In January 2018 Katrina Carter from Canvey Island was driving home after babysitting for one of her daughters.
“When my daughter got home just after midnight she suggested I stay the night. As it is only a five-minute drive and I didn’t feel too well, I decided to go home because I wanted to be in my own bed.”
“The next thing I remember is waking up four days later in hospital.”
Katrina had suffered a sudden cardiac arrest. As she lost consciousness, her vehicle swerved across the road and crashed into railings.
Fortunately, the impact was heard by Steve Jones, an off-duty East of England Ambulance Service Paramedic, who lived a couple of doors away. Crucially, Steve was able to start CPR whilst waiting for a land ambulance to arrive.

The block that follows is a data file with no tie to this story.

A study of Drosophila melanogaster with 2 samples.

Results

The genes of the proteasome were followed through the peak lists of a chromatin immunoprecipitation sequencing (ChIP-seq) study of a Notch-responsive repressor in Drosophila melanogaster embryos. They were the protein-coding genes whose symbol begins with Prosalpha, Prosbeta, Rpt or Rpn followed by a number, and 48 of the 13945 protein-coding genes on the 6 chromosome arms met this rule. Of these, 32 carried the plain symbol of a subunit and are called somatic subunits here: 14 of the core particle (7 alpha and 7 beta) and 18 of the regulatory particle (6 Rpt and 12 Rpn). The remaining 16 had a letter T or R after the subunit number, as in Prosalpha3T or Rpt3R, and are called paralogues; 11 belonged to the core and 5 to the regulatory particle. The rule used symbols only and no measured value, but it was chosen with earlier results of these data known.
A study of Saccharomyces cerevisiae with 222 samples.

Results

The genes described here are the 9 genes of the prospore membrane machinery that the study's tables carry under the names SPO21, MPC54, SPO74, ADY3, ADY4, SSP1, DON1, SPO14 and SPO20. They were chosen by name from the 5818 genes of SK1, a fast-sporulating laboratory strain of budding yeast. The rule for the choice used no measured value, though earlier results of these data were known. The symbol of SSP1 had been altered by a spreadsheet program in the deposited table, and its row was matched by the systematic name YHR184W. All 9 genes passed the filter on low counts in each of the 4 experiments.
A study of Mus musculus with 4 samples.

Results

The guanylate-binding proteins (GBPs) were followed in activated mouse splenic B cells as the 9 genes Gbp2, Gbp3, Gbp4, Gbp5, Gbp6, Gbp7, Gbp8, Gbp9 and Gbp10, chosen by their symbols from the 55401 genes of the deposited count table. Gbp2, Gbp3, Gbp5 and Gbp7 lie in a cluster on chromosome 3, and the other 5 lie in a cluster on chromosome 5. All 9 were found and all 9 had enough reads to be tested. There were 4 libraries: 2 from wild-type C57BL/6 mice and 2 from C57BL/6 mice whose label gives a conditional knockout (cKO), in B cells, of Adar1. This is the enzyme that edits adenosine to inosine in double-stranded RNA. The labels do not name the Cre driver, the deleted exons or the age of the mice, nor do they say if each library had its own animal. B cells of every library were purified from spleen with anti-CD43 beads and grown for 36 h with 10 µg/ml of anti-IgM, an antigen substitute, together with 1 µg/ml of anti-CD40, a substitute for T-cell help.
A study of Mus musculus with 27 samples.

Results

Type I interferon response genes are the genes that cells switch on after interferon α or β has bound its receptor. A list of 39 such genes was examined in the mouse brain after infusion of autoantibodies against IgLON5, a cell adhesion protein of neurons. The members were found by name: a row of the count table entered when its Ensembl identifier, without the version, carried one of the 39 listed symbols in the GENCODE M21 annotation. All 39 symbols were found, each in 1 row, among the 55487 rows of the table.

EHAAT do not fly at night, so the ambulance was closely followed by an EHAAT rapid response vehicle, which brings the same level of care that a helicopter would.
Dr Ash Vasireddy and Critical Care Paramedic Colin Treece made a series of advanced clinical interventions before accompanying Katrina in the land ambulance to Basildon CTC (Cardiothoracic Centre).
While in hospital, Katrina learned what had happened.
“At first I couldn’t understand what had happened. Apparently, the police blocked off the road and there were some bright lights put up so that I could be treated at the roadside.”
“I felt so tired when I woke up that it was hard to even lift my arms and I needed help to get out of bed.”
A year on, it was great to see Katrina up and about again at our North Weald Airbase. Here, she was able to meet the EHAAT team who had attended to her, along with Steve, the off-duty Paramedic and Neil Magee from Basildon.
“It was nice to see everyone together and meet the team. It was quite emotional to be told that they were breathing for me and making my blood circulate. Without all of them I wouldn’t be here.”